Most Americans dislike both presumptive nominees in the 2020 election race
A couple of months before the start of the 2020 general election, many American voters are left feeling discontented with the country’s current stance and the presumptive nominees on both political sides, a recent survey suggests.
According to Pew Research Center, a US-based nonpartisan think tank, the majority of respondents in their survey shared dislike toward both the Republican and Democratic presumptive nominee this general election cycle.
As part of a series of questions asked about the favorability of both presumptive nominees, the majority of respondents viewed the Republican and Democratic contenders as potentially terrible leaders for the next term.
In the findings, 53 percent of voters in the survey expressed unfavorable views toward the 45th President of the United States, while 43 percent, or most of the respondents, also shared unfavorable views toward the former Vice President.
In the survey, just 19 percent of respondents stated that the 45th sitting president would be a great leader for America in a second term, while only 6 percent could say the same about the Democratic presumptive nominee.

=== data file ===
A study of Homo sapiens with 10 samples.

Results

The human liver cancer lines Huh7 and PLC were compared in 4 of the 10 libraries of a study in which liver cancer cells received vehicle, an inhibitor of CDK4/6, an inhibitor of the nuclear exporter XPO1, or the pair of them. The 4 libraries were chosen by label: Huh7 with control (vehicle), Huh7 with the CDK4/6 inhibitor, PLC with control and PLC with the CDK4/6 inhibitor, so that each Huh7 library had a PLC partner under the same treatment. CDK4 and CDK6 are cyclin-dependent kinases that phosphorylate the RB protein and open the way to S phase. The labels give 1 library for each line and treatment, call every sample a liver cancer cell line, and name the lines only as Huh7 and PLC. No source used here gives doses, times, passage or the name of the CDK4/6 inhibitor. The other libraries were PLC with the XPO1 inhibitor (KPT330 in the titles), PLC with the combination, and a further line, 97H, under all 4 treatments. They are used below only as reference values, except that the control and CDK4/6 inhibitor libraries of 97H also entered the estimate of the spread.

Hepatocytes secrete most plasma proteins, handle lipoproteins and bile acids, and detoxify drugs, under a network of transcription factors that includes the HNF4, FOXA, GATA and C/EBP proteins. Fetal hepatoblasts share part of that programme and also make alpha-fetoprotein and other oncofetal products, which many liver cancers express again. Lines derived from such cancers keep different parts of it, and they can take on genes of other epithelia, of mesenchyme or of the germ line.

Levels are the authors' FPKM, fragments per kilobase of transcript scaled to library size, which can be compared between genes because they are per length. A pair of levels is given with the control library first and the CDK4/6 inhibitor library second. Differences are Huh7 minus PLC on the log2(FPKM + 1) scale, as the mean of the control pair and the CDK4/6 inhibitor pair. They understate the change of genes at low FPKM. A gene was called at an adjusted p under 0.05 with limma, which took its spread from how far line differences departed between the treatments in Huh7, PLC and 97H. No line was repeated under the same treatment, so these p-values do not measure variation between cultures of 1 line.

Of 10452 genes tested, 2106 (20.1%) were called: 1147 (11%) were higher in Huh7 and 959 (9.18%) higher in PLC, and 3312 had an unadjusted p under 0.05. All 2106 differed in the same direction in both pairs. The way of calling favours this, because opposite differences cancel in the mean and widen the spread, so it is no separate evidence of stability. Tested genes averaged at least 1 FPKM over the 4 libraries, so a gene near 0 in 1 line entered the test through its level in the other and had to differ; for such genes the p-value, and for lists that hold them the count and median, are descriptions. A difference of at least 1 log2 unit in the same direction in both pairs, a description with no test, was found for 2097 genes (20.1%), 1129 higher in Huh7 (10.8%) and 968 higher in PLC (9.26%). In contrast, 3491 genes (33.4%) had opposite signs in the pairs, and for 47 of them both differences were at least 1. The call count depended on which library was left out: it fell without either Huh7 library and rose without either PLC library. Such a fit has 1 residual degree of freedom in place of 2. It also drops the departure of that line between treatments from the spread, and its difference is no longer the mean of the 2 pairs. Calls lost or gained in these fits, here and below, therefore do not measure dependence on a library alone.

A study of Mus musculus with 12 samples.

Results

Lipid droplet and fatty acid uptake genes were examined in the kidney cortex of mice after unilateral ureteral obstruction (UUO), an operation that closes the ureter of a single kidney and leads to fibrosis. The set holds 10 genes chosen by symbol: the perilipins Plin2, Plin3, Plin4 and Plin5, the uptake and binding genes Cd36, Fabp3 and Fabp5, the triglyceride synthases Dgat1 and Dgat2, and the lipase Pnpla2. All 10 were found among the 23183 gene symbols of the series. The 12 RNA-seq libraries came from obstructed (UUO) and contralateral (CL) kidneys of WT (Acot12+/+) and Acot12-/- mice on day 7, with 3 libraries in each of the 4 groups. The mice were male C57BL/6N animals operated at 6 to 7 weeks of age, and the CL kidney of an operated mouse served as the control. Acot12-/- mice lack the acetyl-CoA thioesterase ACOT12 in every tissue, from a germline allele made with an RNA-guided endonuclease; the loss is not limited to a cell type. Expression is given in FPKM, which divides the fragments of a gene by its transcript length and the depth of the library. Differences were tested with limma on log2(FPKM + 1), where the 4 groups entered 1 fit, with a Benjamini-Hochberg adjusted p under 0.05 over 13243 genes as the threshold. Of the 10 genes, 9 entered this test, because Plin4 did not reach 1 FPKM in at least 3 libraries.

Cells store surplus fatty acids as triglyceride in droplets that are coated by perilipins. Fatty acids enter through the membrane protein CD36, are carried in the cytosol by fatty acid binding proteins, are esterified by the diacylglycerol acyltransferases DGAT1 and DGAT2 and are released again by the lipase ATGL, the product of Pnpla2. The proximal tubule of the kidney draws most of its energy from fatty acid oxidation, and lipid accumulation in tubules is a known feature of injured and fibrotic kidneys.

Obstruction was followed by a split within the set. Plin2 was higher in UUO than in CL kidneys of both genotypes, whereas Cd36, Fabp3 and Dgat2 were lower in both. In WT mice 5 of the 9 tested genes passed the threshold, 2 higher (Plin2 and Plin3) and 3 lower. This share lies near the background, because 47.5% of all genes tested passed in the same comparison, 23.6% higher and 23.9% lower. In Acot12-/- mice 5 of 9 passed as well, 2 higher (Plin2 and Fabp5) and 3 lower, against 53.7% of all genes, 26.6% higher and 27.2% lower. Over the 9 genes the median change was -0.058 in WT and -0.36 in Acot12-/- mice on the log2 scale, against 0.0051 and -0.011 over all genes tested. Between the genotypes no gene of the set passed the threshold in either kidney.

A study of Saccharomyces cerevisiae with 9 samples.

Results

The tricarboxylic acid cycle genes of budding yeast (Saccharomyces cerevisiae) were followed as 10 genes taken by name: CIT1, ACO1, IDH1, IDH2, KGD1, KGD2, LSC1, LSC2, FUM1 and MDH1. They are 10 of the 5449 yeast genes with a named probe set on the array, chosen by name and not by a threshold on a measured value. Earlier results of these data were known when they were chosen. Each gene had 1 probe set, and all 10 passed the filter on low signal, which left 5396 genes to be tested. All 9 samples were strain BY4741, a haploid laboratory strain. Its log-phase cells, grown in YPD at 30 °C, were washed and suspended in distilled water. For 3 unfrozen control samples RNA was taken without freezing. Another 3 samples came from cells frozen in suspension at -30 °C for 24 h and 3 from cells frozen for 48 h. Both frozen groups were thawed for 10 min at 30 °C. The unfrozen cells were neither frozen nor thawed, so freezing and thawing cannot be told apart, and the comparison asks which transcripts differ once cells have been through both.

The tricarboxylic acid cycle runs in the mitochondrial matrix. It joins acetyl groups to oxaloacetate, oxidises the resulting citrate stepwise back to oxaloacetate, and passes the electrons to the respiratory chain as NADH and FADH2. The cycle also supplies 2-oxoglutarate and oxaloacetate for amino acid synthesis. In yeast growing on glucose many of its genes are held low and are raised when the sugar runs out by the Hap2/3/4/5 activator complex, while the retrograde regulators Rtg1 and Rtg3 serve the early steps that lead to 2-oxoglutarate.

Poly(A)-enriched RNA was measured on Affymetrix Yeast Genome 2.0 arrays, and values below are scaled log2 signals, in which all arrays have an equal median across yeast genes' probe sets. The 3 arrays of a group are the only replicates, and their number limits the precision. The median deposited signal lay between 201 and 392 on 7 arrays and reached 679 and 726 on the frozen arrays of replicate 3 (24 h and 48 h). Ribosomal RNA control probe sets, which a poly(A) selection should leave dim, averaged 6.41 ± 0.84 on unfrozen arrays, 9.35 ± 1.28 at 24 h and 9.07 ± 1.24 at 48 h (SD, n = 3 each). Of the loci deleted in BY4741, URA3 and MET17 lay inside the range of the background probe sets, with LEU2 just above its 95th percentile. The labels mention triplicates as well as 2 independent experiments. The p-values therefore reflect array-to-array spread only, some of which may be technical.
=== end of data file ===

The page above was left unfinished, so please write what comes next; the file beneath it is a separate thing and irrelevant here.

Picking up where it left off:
Moreover, voters were also asked to describe each candidate, in which the Republic presumptive nominee was praised for being energetic and courageous. The Democratic presumptive nominee was described as honest and even-tempered, two traits positively correlated with favorability.
“Biden gets his most positive rating for his temperament: 60% of registered voters describe him as even-tempered, more than twice the share who describe Trump this way,” the Pew Research findings state.
“Yet Biden has a notable weakness. Just 40% of voters describe him as energetic – his lowest rating among the six traits included on the survey.”
When asked about the country’s current stance, the respondents described being very dissatisfied, particularly given the circumstances regarding the novel coronavirus pandemic and demonstrations associated with racial disparities. The majority of respondents say they feel anger and fear with the state of the nation, with only a small portion of participants reported feeling proud of their country.
“With less than five months until the 2020 elections, Americans are deeply unhappy with the state of the nation,” the survey’s findings showed.
“As the United States simultaneously struggles with a pandemic, an economic recession and protests about police violence and racial justice, the share of the public saying they are satisfied with the way things are going in the country has plummeted from 31% in April, during the early weeks of the coronavirus outbreak, to just 12% today,” the survey concluded.